6. Legal context
Boarding and residential special schools inspections and the law
Under the Education and Inspections Act 2006, Ofsted carries out its work in ways that encourage the services it inspects to:
- be user-focused
- be efficient and effective in the use of resources
Section 87 of the Children Act 1989 and the National Care Standards Commission (inspection of schools and colleges) regulations 2002 set out the legal basis for the inspection of boarding and residential provision in schools. This applies to:
- maintained and non-maintained schools
- free schools
- pupil referral units
It does not apply to schools that are registered as children’s homes.
When inspecting boarding and residential special schools, Ofsted takes into consideration the knowledge and understanding gained from previous inspections, and to relevant legislation including:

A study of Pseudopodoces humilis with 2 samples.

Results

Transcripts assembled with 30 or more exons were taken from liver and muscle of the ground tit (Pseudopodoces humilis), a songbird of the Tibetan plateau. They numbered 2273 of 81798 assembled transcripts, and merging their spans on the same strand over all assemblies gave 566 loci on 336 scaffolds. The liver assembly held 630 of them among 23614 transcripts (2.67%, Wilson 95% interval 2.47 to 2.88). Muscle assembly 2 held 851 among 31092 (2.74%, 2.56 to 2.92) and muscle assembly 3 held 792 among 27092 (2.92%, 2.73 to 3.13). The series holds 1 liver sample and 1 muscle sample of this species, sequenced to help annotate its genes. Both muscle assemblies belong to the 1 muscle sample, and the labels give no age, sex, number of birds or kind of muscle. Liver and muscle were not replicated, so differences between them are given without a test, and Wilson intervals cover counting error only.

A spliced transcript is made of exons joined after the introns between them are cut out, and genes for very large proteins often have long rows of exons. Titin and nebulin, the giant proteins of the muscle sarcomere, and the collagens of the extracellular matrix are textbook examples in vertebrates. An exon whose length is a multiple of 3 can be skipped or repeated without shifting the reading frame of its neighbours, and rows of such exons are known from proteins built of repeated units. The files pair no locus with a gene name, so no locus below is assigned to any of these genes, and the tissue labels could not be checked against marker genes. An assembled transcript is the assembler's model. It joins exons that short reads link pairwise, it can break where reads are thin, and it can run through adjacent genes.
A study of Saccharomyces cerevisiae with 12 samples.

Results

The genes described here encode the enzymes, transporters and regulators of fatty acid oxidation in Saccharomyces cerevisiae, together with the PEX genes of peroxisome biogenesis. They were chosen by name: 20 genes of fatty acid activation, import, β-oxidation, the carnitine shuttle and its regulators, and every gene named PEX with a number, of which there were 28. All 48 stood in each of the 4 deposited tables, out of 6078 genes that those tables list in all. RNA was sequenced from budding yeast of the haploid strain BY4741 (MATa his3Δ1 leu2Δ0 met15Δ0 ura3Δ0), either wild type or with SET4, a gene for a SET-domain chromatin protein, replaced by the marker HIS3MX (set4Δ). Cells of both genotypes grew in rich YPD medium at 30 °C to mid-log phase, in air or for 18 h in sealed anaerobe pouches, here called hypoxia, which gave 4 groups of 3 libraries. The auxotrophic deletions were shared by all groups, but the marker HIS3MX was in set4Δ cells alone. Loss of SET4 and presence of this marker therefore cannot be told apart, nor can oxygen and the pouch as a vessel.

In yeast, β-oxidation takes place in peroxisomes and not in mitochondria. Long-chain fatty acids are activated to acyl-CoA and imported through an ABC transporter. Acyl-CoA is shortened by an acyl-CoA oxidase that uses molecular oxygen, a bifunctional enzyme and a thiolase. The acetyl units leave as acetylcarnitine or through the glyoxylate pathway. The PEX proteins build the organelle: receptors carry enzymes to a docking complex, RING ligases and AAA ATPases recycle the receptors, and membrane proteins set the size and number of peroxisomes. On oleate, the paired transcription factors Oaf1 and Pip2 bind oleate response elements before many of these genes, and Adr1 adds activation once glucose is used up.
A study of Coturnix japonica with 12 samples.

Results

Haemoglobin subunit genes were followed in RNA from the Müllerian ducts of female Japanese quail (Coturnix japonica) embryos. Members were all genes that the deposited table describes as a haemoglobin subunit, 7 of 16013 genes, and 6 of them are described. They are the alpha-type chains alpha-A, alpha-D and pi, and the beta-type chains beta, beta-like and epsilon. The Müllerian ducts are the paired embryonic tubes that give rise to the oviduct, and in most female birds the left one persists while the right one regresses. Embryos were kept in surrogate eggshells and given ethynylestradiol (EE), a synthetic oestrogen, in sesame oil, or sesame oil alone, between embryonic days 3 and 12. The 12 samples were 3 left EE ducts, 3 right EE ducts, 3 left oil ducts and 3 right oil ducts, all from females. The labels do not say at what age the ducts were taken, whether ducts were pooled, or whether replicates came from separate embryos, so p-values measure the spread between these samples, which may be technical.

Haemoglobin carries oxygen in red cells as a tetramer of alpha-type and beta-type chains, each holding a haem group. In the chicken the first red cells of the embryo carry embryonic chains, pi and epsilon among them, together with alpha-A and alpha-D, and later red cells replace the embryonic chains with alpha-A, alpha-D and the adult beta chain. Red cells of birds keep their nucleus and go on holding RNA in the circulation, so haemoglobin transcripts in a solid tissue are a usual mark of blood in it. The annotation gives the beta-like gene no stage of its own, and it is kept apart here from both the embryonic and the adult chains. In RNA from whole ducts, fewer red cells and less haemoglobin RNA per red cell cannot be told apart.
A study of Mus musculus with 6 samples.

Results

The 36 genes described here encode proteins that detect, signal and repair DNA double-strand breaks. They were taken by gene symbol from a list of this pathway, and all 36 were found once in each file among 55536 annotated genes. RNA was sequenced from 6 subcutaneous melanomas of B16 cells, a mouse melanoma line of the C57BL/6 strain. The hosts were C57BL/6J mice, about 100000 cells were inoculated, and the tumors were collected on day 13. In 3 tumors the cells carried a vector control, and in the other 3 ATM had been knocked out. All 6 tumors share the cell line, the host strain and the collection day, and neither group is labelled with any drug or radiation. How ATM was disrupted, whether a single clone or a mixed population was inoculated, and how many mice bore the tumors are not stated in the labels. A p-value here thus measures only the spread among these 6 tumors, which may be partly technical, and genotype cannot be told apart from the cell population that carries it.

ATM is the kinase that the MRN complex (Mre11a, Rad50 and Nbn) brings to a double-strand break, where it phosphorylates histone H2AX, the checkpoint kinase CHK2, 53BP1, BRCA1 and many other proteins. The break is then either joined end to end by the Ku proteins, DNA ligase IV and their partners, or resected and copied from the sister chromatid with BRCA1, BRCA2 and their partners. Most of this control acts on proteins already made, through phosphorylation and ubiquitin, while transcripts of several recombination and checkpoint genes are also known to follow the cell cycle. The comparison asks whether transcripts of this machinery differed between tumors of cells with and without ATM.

- the Children Act 1989
- the national minimum standards for boarding schools or residential special schools
- statutory guidance issued by the Department for Education
Ofsted inspects boarding and residential provision in schools, but does not regulate it. This means that, unlike some other types of social care or welfare provision, Ofsted does not inspect boarding and residential provision in schools against a set of regulations or raise actions where such regulations are not met.
The SCCIF does not apply to the boarding and residential provision of independent schools that is inspected by the Independent Schools Inspectorate.